Preliminary OK for lottery bill in SenateFeb 21, 2013 By Ben Neary, The Associated Press
CHEYENNE -- A bill that would allow a Wyoming lottery and multi-state games such as Powerball received preliminary approval in the state Senate on Wednesday.
The senate voted 17-to-12 to advance the bill. It already has passed the House and would need two more votes in the Senate. It's scheduled for its second vote Thursday.
The bill would allow a state lottery or multi-state games, but would not allow the sale of instant tickets, scratch-off tickets or electronic games.
Supporters of the bill say Wyoming residents already are playing the lottery, spending millions of dollars in neighboring states on tickets. Lottery opponents say it's a form of gambling and a tax that disproportionately affects the poor.
Sen. Bruce Burns, R-Sheridan, is chairman of the Senate Travel, Recreation, Wildlife and Cultural Resources Committee, which had recommended approval of the bill.
Burns said a Wyoming lottery is estimated to bring in about $25 million a year. He said about $6 million of that would be net proceeds distributed to Wyoming cities and counties.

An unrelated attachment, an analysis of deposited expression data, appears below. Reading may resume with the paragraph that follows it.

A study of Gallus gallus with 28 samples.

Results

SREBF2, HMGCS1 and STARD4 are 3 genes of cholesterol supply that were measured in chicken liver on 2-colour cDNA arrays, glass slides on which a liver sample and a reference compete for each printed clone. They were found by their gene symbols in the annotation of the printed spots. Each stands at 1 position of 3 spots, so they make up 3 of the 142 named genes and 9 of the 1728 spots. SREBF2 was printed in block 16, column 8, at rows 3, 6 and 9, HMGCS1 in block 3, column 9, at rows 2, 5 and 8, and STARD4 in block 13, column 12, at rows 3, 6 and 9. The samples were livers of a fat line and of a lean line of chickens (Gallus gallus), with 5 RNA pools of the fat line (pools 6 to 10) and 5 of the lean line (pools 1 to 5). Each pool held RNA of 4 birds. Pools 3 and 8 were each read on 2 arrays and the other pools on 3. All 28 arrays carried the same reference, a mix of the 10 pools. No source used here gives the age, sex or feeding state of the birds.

The bill calls for setting up a corporation to administer the lottery in the state. Burns said that salary and benefits of the corporation's officers and staff would be determined by directors appointed by the governor.
Sen. Larry Hicks, R-Baggs, said that subtracting $6 million from the estimated $25 million annual proceeds would leave $19 million. He noted that the bill says that at least 45 percent of that would go to prize money, leaving more than $10 million to administer the program.
"If that is correct, what are we going to spend that $10.5 million on," Hicks said.
Bill sponsor Sen. Michael Von Flatern, R-Laramie, responded, "We don't know, that's the bottom line. That's why those percentages are put in there."
Von Flatern noted that the Legislature's Revenue Committee would review the lottery corporation's budget.
Sen. Fred Emerich, R-Cheyenne, is also a sponsor. He said the lottery in North Dakota brings in $21.1 million of which he said $11.4 million goes to prizes and $3.7 to administration, leaving $6 million in proceeds.